Everything we believe and trust in will rise and fall on the question we discuss today: who do you say Jesus is?
The wise men wondered this, as did Herod. John the Baptist asked, and even Christ’s own family seemed to struggle with the identification as well. The religious leaders knew who they did not want him to be! The whole nation was pondering.
And so, in a moment of retreat with the disciples, Jesus asks the question of them as to what the many crowds had to say about it. As they begin to answer, you can imagine the laughter around this circle of 13 men.
The first answer was John the Baptist, who of course had been beheaded prior to this time. And there were similarities, as each preached about personal repentance and the kingdom’s soon coming. John could prepare men to receive God, but Christ could enable men to receive God.
Next is the common suggestion that Jesus was a second coming of Elijah. Both were men of prayer who performed miracles. It was a common teaching (based upon a passage in Malachi) that Elijah would come before the Messiah. So, as with John, those who saw Jesus as Elijah perceived him to be a forerunner of the actual Christ.
The third suggestion is that it was one of the prophets (in Matthew’s gospel, the name Jeremiah was suggested). Like these servants of God, Jesus was a man of suffering in the midst of preaching and seeking to do good.
The poor and insufficient Jewish anticipation of the Messiah is evident. They anticipated a liberating figure who would supply their every need and overthrow their oppressors. Rather, Jesus emphasized personal repentance and spiritual liberation.
The jovial atmosphere was brought up short with a sudden jolt, as Jesus asks them, “Who do you say that I am?” You get the feeling that there may well have been a pregnant pause.
This is one of those times where the Greek language has an advantage. To emphasize a word in a sentence (since word order is less important than in English), you write or speak the most important word first. So, the question is more like this: “You! Who do YOU think I am?”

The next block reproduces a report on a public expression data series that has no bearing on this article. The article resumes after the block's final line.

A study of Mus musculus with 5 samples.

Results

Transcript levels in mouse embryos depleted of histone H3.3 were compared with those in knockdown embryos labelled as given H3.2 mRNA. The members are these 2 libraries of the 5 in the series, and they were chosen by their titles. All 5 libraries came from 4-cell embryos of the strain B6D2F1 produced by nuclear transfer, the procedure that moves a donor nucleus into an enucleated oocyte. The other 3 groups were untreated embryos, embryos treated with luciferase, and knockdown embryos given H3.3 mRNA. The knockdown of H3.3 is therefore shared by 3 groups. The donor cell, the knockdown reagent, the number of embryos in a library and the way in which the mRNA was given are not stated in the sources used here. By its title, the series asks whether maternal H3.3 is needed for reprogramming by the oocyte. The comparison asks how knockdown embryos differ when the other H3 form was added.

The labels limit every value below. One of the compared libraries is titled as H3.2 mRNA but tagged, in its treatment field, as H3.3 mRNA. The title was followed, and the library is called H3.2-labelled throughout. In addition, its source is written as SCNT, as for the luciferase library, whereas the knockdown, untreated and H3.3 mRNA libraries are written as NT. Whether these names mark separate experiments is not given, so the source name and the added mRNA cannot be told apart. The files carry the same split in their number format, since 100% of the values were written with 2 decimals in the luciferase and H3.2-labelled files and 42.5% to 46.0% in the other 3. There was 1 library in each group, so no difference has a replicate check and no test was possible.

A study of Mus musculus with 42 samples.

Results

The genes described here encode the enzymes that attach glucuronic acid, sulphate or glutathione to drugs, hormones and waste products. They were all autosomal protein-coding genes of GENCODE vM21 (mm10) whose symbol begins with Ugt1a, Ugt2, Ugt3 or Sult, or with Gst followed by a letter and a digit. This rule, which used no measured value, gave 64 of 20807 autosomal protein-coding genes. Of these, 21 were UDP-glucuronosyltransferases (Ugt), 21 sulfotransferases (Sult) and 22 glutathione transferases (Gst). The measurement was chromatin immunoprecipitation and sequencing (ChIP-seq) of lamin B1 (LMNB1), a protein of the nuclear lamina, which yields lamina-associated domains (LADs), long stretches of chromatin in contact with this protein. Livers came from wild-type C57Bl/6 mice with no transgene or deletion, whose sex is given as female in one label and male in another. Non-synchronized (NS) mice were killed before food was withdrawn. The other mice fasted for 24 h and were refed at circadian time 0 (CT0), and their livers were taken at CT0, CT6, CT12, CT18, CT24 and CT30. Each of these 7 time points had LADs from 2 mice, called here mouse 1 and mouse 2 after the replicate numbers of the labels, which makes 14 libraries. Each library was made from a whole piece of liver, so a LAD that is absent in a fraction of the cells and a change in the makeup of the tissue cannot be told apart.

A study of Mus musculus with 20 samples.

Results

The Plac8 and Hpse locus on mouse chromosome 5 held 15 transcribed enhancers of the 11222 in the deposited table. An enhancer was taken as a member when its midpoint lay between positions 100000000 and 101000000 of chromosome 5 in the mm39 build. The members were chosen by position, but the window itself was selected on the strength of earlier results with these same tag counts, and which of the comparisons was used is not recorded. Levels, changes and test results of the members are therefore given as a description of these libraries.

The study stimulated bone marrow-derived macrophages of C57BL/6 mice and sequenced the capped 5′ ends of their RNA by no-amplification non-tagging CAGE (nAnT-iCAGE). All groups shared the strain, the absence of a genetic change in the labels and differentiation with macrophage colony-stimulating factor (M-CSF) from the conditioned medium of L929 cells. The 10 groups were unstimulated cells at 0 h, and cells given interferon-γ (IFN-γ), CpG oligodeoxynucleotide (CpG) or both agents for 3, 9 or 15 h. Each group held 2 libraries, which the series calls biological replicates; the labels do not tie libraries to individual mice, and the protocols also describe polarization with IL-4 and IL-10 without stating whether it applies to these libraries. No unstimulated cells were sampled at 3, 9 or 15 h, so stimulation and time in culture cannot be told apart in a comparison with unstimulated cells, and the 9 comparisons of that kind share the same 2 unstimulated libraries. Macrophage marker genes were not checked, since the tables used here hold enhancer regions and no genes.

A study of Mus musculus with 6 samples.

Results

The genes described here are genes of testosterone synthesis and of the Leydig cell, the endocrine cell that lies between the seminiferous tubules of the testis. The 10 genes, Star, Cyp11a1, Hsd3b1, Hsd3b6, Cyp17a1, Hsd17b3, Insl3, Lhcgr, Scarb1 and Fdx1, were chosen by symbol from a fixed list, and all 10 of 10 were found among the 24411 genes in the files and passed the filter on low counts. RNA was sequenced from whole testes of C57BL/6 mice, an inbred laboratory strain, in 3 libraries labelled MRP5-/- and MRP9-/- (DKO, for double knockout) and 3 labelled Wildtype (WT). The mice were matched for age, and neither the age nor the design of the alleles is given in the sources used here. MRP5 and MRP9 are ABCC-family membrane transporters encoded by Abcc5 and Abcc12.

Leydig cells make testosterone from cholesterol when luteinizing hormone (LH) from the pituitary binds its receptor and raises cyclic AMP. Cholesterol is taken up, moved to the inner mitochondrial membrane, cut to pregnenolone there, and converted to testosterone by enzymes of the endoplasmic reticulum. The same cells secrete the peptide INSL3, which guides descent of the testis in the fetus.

As the most common spokesman for the group, Peter – this time – nails the answer with the crisp sound of the hammer upon the head. “God’s Messiah.” The passage in Matthew 16:16 gives us an even clearer sense of his response: “You are the Messiah, the Son of the living God.” And Peter is commended highly for the accuracy of his answer.
Over the years, all sorts of pseudo-Christian groups have failed to answer this question fully and accurately, groups like the Ebionites, Gnostics, Marcionites, Monarchianists, Arians, etc. These groups and their leading teachers did not rightly understanding the divinity and the humanity, emphasizing one to the exclusion of the other. And every cult or heresy since that time is simply one of these sects dressed up in different clothes.
It does not matter what others say, be they people at the office, the shop, the school, etc. It matters what YOU say. Jesus is the perfect son of God – fully man without sin, and fully God at the same time. This qualifies him as the only perfect sacrifice for sin who could defeat death and offer a valid eternal life to those who believe.
It is the most important question … and answer.
Luke 9:18 – Once when Jesus was praying in private and his disciples were with him, he asked them, “Who do the crowds say I am?”
19 They replied, “Some say John the Baptist; others say Elijah; and still others, that one of the prophets of long ago has come back to life.”
20 “But what about you?” he asked. “Who do you say I am?”
Peter answered, “God’s Messiah.”
This was a really interesting read. Especially since Peter received divine word from God and the next minute was being rebuked for telling Christ, his destiny would never come.
Also, I have been told the witnesses are Elijah and Moses. If that is the case, in the Apocalyptic timeline laid out in revelation Elijah would come back before Jesus.